The Pocket Guide to The Pill, and How It Relates To Acne

The Pocket Guide to The Pill, and How It Relates To Acne

For women, the decision to take oral contraceptives is a personal one, with many reasons factoring into their decision. Some women opt for hormonal birth control simply to manage their acne, a method that has proven to work in some cases at least temporarily, but it  also carries number of potential severe adverse effects. Using OC as acne remedy is according to FDA regulations OFF LABEL what means it has NEVER been tested for this applications and ling term site effects have not been established.  So do you know why and how “pill” seems to help with acne at least for some women? And what happens once you put down the pill? 

What is Acne?

Acne is the result of a hormonal imbalance, which is why many people notice increased symptoms at certain times of their lives and  many women even at certain times of month. Is it puberty, or monthly period, after the baby or during the perimenopause…women get acne..The function of certain hormones can directly affect the sebaceous glands, which produce sebum, an oily substance that travels through the pores to help skin function in a healthy manner. When these hormones are out of balance, they can cause the sebaceous glands to produce too much sebum, which may clog pores. Combined with dead skin cells, dirt and debris, these oil-clogged pores create bacteria, which often results in an inflammatory reaction, which appear on the skin as pimples.

In order to keep acne from forming, the relationship between hormones and the sebaceous glands must be a harmonious one. Many people use birth control to treat acne toforced this relationship  even if temporarily..

How Does Hormonal Birth Control Affect Acne?

To put it simply: hormonal birth control provides for more estrogen in women system and since the hormonal culprit in overstimulating sebaceous glands are androgens (testosterone- and yes women produce testosterone too as men also produce estrogen just in a different amount.) this “ extra estrogen “ balances” “extra” androgens in yiur blood and forces the balance in those hormones levels. This reduces the impact of  androgens on the sebaceous glands, thereby improving acne. Like pretty much anything in life, however, there are good and bad aspects that come along with the use of birth control to treat acne. And remember this balance is  “ force” and temporary…

The Pro: Hormonal birth control will reduce the amount of pore-clogging oil that is created.

Birth control increases globulin, a protein found in the blood that bonds sex hormones, such as testosterone, an androgen. Because testosterone directly affects the sebaceous glands, which produce sebum we want to keep testosterone levels as balanced as possible in order to keep those glands from going haywire. Taking birth control that contains estrogen or progesterone will lower the amount of androgens produced by the body, which results in less impact being made on the sebaceous glands, and ultimately, acne.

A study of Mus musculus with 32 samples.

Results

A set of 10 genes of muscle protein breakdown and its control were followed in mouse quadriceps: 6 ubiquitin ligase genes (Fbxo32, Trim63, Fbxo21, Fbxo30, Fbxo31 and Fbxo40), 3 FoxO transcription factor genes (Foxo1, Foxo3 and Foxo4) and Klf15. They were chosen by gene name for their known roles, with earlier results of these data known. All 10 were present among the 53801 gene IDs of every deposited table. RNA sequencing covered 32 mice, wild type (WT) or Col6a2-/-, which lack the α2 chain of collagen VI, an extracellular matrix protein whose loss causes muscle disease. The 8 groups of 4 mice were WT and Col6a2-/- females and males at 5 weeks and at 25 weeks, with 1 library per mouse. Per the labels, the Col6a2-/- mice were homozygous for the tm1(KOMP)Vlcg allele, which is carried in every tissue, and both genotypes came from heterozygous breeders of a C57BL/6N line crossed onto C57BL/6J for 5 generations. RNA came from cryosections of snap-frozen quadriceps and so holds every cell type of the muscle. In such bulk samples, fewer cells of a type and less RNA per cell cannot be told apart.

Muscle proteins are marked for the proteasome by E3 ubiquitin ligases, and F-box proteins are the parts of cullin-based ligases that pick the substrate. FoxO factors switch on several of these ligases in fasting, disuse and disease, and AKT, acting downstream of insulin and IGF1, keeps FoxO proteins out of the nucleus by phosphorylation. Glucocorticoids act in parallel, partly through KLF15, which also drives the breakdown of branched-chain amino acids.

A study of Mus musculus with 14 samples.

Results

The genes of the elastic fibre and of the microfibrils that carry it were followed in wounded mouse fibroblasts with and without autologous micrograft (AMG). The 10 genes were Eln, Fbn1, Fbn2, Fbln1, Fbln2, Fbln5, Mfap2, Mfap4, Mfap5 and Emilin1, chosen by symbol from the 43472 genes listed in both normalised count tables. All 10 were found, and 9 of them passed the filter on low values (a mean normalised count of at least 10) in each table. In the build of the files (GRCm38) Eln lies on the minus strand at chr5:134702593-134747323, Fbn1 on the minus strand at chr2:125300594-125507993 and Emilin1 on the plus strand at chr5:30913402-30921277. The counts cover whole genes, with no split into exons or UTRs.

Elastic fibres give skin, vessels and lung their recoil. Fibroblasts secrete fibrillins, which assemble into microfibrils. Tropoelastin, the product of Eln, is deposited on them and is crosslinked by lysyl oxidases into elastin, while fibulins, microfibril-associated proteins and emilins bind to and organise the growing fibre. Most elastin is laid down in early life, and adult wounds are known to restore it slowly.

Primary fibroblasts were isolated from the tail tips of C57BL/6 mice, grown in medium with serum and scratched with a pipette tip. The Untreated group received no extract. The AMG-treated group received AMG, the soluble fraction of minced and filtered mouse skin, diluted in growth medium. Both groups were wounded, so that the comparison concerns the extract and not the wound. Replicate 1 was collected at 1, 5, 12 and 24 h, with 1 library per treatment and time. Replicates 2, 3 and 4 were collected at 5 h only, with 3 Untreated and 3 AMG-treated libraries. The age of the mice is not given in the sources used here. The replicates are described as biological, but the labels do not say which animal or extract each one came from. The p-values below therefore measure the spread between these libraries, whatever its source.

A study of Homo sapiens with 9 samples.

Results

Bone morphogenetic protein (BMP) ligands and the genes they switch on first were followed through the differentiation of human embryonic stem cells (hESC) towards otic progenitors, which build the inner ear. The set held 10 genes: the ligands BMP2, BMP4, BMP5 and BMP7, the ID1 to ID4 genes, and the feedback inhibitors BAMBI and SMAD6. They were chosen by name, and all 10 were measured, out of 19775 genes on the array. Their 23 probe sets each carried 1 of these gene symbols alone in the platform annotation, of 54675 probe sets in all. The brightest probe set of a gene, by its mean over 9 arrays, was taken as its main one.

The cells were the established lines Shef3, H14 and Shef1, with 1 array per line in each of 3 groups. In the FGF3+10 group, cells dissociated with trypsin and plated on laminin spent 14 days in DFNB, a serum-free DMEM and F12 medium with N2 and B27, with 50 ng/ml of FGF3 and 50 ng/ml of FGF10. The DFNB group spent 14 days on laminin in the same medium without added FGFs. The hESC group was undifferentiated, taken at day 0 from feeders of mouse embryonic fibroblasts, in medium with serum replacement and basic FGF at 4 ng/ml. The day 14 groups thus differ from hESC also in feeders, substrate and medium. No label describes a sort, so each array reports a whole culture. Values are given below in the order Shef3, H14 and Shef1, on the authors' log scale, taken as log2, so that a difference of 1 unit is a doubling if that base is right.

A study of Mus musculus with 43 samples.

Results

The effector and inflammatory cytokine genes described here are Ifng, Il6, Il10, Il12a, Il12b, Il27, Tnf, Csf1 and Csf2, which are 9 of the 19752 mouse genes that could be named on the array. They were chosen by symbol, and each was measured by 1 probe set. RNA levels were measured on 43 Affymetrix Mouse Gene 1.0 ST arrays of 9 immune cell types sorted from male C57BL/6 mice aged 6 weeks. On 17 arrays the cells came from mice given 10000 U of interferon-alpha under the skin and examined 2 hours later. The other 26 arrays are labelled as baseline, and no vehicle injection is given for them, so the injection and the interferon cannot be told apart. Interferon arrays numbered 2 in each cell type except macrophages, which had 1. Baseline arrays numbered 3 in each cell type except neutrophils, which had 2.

The Con No. 1: Your acne will likely return as soon as you step away from the pill.

When many women begin taking oral contraceptives (OC’s) they witness an acne flare up due to the influx of hormones being delivered to the body, and guess what? The same happens when these hormones are taken away. When you stop taking OC's, hormone levels become disrupted, which can then contribute to an acne breakout. Without the high estrogen levels to manage the androgen produced by the body, the sebaceous glands can cause oil-production levels to go into overdrive, which can lead to breakouts. Because birth control impacts the body hormonally, changes in the amount or frequency of that medication can end up affecting the body, and oftentimes the recurrence of acne symptoms is one of the first complaints women have when going off this type of contraceptive.

I The Con No. 2: Long term use of OC carries a number of health hasards

Some immediate side effects are:

  • Intermenstrual spotting. ...
  • Nausea. ...
  • Breast tenderness. ...
  • Headaches. ...
  • Weight gain. ...
  • Mood changes. ...
  • Missed periods. ...
  • Decreased libido.
And even scarier than the “mild” side effects are the serious health risks that accompany birth control pills. These include: 
  • Increased risk of cervical and breast cancers.
  • Increased risk of heart attack and stroke.
  • Migraines.
  • Higher blood pressure.
  • Gall bladder disease.
  • Infertility.
  • Benign liver tumors.

If you are currently taking oral contraceptives but are considering going off, you can minimize the impact of this step by adding AcnEase to your skincare regimen several weeks prior to stopping. As your body starts to adjust to the absence of the hormones provided by the OC's, AcnEase will help to reduce any "acne fall out" from cessation of OC's by working as a buffer between these hormones and the sebaceous glands, and will not negatively impact the protection afforded by OC's during this period. In addition to minimizing the negative impact of fluctuating hormone levels on sebum production, the ingredients in AcnEase have natural antibacterial and anti-inflammatory effects. This combination of effects is responsible for the ability of AcnEase to prevent new pimples from forming, while treating existing acne, no matter how mild or severe your symptoms may be.

Of course, AcnEase is not intended to be an alternative to contraceptive birth control, but if you are taking oral contraception simply to alleviate your acne symptoms, it is by far the best and safest replacement of pill  you  can take it easier on your body, and achieve long-term results with AcnEase.

We want to hear from you! Have you turned to oral contraceptives to treat your acne? What was your experience going on, and off? Tell us in the comments!